The Transportation Security Administration (TSA) received more than 39,000 complaints related to its controversial screening methods between 2009 and 2012, but the agency’s method for tracking and responding to complaints is flawed, a Government Accountability Office (GAO) report found.
The GAO reports that between October 2009 and June 2012 customers filed 39,616 passenger-screening complaints through phone and email to the TSA Contact Center (TCC).
For example, at four of the six airports contacted by the GAO, comment cards were used to collect complaints. However, there is currently no agency policy tracking or centrally reporting on the cards.
"TSA's complaint resolution processes do not fully conform to standards of independence to ensure that these processes are fair, impartial, and credible," the report stated.
The GAO advised the agency to develop a consistent and central policy "to systematically collect information from all mechanisms, including standard complaint categories."
A TSA spokesman said in an email that the agency "will develop a policy to better inform air passengers about the screening complaint processes, including mechanisms for identifying and sharing best practices for implementing these processes, at the airport level, addressing a GAO recommendation."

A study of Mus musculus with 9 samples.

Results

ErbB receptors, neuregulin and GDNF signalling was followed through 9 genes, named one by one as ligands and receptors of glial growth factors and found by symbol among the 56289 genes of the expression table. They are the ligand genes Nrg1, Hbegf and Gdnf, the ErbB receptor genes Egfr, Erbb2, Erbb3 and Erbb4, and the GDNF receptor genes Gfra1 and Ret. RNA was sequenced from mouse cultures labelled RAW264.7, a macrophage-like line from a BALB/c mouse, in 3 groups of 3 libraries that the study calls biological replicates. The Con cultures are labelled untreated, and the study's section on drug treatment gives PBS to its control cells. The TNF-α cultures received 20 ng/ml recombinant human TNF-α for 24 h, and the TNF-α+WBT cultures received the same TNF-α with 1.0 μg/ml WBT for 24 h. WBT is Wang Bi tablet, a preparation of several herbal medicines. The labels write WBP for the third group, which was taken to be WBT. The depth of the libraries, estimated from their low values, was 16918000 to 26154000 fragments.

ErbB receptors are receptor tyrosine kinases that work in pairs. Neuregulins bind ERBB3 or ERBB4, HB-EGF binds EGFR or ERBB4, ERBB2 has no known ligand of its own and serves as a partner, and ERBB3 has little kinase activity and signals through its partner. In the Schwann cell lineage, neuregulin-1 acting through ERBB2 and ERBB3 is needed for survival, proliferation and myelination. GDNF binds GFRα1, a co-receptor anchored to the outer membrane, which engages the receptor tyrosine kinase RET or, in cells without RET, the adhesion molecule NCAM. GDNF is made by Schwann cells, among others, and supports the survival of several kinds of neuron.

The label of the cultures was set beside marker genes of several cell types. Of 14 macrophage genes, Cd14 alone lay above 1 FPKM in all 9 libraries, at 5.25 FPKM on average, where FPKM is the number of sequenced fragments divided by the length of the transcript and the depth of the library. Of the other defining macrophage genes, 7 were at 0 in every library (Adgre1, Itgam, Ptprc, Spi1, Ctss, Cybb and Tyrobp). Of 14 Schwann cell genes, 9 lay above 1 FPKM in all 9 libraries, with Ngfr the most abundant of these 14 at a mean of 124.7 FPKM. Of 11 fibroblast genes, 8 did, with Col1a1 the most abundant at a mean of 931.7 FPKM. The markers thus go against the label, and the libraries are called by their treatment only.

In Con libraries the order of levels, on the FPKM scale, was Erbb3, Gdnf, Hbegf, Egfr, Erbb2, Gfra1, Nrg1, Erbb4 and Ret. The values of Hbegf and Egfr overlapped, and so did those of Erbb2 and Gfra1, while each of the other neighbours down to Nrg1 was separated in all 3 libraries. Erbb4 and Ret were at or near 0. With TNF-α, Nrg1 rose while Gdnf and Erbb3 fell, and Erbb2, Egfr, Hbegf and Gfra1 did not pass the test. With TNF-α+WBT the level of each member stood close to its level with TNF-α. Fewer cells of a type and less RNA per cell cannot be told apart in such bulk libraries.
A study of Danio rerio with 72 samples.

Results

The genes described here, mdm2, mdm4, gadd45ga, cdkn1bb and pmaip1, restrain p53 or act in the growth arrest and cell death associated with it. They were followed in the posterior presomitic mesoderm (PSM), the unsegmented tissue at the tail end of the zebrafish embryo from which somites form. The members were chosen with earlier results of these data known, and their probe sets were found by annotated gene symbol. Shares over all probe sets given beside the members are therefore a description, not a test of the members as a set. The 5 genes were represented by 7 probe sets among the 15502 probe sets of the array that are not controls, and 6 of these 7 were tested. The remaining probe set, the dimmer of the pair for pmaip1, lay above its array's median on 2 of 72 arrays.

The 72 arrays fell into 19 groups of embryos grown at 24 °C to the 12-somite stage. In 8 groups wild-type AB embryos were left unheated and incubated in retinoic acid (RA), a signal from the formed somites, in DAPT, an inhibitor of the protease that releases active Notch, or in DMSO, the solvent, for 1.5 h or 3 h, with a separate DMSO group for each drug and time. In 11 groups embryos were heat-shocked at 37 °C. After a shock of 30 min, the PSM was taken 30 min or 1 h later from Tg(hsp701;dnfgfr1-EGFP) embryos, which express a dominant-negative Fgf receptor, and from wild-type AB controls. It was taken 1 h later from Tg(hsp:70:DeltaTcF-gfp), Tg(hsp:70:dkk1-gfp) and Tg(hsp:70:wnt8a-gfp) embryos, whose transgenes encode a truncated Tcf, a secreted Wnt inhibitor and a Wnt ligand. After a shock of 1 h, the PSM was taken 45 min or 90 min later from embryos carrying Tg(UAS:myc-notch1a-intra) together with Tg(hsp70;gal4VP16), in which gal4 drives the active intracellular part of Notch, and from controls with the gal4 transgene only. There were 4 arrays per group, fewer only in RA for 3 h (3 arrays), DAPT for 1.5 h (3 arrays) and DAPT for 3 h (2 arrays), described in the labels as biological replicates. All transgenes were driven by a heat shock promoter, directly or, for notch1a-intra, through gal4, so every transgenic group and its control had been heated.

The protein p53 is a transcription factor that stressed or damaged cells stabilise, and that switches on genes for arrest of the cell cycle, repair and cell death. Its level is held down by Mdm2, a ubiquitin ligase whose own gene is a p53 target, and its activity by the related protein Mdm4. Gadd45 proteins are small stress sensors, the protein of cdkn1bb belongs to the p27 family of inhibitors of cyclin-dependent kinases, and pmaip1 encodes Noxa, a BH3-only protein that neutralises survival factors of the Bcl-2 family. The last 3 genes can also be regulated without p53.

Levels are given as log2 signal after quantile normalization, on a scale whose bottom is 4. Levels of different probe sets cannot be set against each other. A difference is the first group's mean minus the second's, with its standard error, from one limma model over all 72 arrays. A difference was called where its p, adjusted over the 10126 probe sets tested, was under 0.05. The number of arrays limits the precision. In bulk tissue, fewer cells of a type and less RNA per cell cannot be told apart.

The TSA screening methods, particularly its pat-downs and full-body scanners, have been the focus of considerable criticism from civil libertarians and Republican lawmakers.
Republican lawmakers pointed to the GAO report and other lapses in security as evidence of the agency’s need for reform and privatization at a hearing of the House Subcommittee on Aviation Thursday.
"Unfortunately, as this mushrooming agency has spun out of control, passengers have not been well served," House Transportation and Infrastructure Committee chairman Rep. John Mica (R., Fla.) said. "We’ve had numerous security meltdowns, including in Honolulu, Los Angeles, Newark, Fort Myers, Charlotte, and elsewhere. When I helped establish this agency, Congress intended it to operate a risk-based system, but the TSA is best known for shaking down little old ladies and others who pose no security risk."
As reported by the Free Beacon, TSA Administrator John Pistole refused to appear at the hearing. The agency claimed the committee had no jurisdiction over it.